23 January 2011


"I do not know my paternoster perfectly as the priest sings it.
But I know the rhymes of Robin Hood and Randolph, earl of Chester".
- William Langland (1377)

...And of course Nottingham has been long-associated with Robin Hood and his band of merry men who lived, according to legend, deep in the greenwood that covered most of lowland England in the middle ages. Close to the ancient Castle Rock, there now stands a bronze statue of the famous "outlaw":-
Teasing out the truth about Robin Hood from all the tales and films would be a challenging task for any scholar. Was he a force for good or was he simply a thief? Nobody can even say for sure when he lived. There's a possible range of two hundred years from 1150 to 1350. His origins are also very uncertain and even the authenticity of his grave in the grounds of Kirklees Abbey is disputed.

Nottinghamshire claimed him but some evidence suggests his stomping ground encompassed South Yorkshire and North Derbyshire. Sometimes known as Robin of Loxley, it is perhaps significant that on the northwestern fringes of Sheffield there is a river valley through which the River Loxley runs, passing by what was once the rural hamlet of Loxley. In nearby Hathersage, the churchyard boasts the grave of Robin Hood's lieutenant, Little John.

In ancient English mythology, there are many references to a benevolent life-giving spirit known as The Green Man. He also lived deep in the shadows of the greenwood and was a reference point for our pre-Christian ancestors. The Green Man ensured the cycling of seasons and the blessings of fertility. And of course, Robin Hood was also a "green man". Perhaps stories evolved about him in the middle ages, merely to provide a more current embodiment of that older god-like spirit from the forest.
One of the Green Man carvings in Beverley Minster, East Yorkshire


  1. I have always looked at the story of Robin Hood as perhaps the embodiment of more than one person. Even in those days, if there had been such a person, I believe there would be some substantial record.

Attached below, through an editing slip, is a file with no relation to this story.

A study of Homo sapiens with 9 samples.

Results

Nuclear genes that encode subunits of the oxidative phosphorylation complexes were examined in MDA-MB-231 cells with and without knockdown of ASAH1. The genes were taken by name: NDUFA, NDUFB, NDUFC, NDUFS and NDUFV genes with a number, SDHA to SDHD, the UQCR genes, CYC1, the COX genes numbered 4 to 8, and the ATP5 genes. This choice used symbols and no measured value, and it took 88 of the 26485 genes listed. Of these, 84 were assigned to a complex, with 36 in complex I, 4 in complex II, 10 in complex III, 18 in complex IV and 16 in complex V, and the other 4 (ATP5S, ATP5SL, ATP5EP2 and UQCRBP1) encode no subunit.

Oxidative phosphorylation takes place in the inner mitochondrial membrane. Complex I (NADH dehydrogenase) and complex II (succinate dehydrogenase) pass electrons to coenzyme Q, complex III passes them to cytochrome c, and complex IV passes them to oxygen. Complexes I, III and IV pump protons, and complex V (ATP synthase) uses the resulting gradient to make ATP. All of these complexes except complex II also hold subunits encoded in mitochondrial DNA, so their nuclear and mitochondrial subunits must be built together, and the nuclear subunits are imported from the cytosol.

But, what do I know? It is a lovely, lovely story with lots of moral lessons for children and adults.

  2. Prithee, do tell us, was there a myth also involving The Green Man and a maid named Marian?

  3. MOUNTAIN Perhaps it's the idea of Robin Hood that matters more than historical accuracy
    RHYMES Forsooth Sheriff, indeed there was and he did ravish her by fair Sherwood glen in the trysting time. It is said that their issue did fleeth to the setting sun beyond the great ocean's furthest horizon and there did maketh a New World and it was good and they called it Greensborough.

  4. Robin hood stories were part of my childhood and then came the TV series and I loved them all. I had never heard of the Green Man till a guided tour of Roslyn Chapel in Scotland. The Green Man there starts off young and ages as you move around the walls. Now, in England, I see him everywhere though I have never heard of him here - we don't have any of that type of ancient stuff here (though we do have ancient Aboriginal art ).
    Your link between Robin Hood and the other Green Man is an interesting thought.

  5. There is a theory that Mrs P is a descendant of the Loxley family of Sheffield and Robertus de Loxley, one of the candidates for the origin of Robin Hood. You can read more here.

  6. There's also the Wakefield/Doncaster highwayman Robert Hode to contend with, who could've been a contender- hence why Doncaster airport is known as Robin Hood.

  7. You should also look to pull together world mythologies for an interesting book- fiction hopefully or if not some factual piece of writing.

  8. I thought a paternoster was an elevator?

  9. HELEN I have a romantic view of the aboriginals and how they lived prior to European invasion. I would love to see some of their rock art. Have you seen some of the original artistry?
    SHOOTING P You are lucky to have hooked someone with such a lineage. She must have been drunk at the time.
    BANGKOK OWL Yes. I think the name "Robert Hode" appears on the disputed gravestone.
    JOHN GRAY There is a "paternoster" lift in the Arts Tower of Sheffield University. I guess you have probably ridden on it. But the word itself - pater= father, noster = our. Our father... Originally it was a religious chant that like the lift went round and round.

  10. Did you know there is a trysting tree at Todwick, nr Sheffield that is said to be Robin Hood's. Actually it's a replacement tree (is a little spindly thing - not something magnicant like the Major Oak) I can't remember all the details but you might be able to Google it.